Let's take a look at three financial reports, balance sheet, income statement, statement of cash flows. You should read/review each of these monthly. Looking at the numbers from these three reports is a clear picture of your shop’s financial health. This is a road map to planning your future.
Let’s begin with the balance sheet.
A balance sheet is a snapshot of your shop's financial condition at a moment in time. In the this article, we’re going to use a month as the bookkeeping period.
Assets and liabilities are short- and long-term obligations. These include cash accounts such as checking, money market, or government securities. An asset is anything the business owns that has monetary value. Liabilities are the claims of creditors against the assets of the business.
Now that we know what a balance sheet is, let’s take a look at how you use a balance sheet.
A balance sheet helps a shop owner get a handle on the financial strength of the business. Is the business in a position to expand? Can your shop handle the normal financial ebbs and flows of income and expenses? Should the repair shop take immediate steps to increase cash reserves?
Now let’s shift our focus onto the second type of report, the income statement.
Income statements show how much profit a business generated during a specific time slice (in this discussion, one month). This include the amount of expenses incurred while earning revenue. Income statements are also know as profit and loss statement (P & L). This is a statement of operations, statement of earnings, or statement of income.
Keep in mind the income statement shows revenues, expenses, gains, and losses. It does not show cash receipts (money you receive) nor cash disbursements (money you pay out). The income statement shows how profitable your repair shop was during the previous month.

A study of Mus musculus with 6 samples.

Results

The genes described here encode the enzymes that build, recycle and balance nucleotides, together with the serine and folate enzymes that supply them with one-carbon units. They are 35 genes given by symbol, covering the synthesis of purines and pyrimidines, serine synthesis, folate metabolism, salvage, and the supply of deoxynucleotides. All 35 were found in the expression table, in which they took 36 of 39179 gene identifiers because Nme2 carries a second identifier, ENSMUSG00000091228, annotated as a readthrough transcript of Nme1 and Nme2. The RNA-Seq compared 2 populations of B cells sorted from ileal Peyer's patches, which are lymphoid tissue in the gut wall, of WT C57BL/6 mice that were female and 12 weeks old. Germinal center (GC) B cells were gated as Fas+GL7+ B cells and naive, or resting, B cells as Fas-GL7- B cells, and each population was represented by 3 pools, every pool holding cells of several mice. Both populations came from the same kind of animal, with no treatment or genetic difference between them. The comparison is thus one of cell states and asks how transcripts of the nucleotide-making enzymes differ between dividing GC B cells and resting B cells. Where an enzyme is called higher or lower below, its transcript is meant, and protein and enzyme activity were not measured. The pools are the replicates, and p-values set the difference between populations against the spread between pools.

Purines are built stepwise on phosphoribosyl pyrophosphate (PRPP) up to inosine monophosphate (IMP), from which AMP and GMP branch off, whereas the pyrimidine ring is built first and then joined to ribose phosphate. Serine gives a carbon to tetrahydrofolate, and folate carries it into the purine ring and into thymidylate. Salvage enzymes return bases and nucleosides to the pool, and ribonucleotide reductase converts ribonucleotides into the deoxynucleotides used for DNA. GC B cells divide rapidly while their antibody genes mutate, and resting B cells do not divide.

This part of your financial road map is important because it is a clear snapshot of how healthy your shop is. Another use of income statements is they are critical to obtaining credit should the need arise.
Balance sheets, along with income statements, are the most basic elements in providing financial reporting. Provide these to potential lenders such as banks, investors, and vendors who are considering how much credit to grant the firm.
Ready for the third piece of your monthly financial tripod? Let’s move forward to the statement of cash flows.
The statement of cash flows also known as the cash flow statement, reports the cash generated and used during the time interval specified; monthly for this conversation. Generally, the period of time is the same as the income statement.
The statement of cash flows reports a businesses major cash flows in the following categories:
- Operating Activities - Converts the items reported on the income statement from the accrual basis of accounting to cash.
- Investing Activities - Reports the buy and sale of long-term investments and property, plant, and equipment
- Financing Activities - Reports the borrowings and repayment of short-term and long-term bank loans and other debt.
- Supplemental Information - Reports the exchange of significant items that did not involve cash and reports the amount of income taxes paid and interest paid.
Now that you have an overview of income statements, balance sheets, and statement of cash flows, consider your next action. Having a conversation with your bookkeeper so she can teach you how each of these reports apply to your specific situation. Her explaining how these reports crafted to your business shines a light on how to understand what all the numbers mean.
By reading and reviewing these reports on a monthly basis, you will keep your finger on the financial pulse of your business. Know exactly what moves you can make that will protect and move your repair shop forward. Like a road map or GPS that guides you to your destination, these reports are the coordinates you plug into your financial GPS to keep you on course to a solid financial future.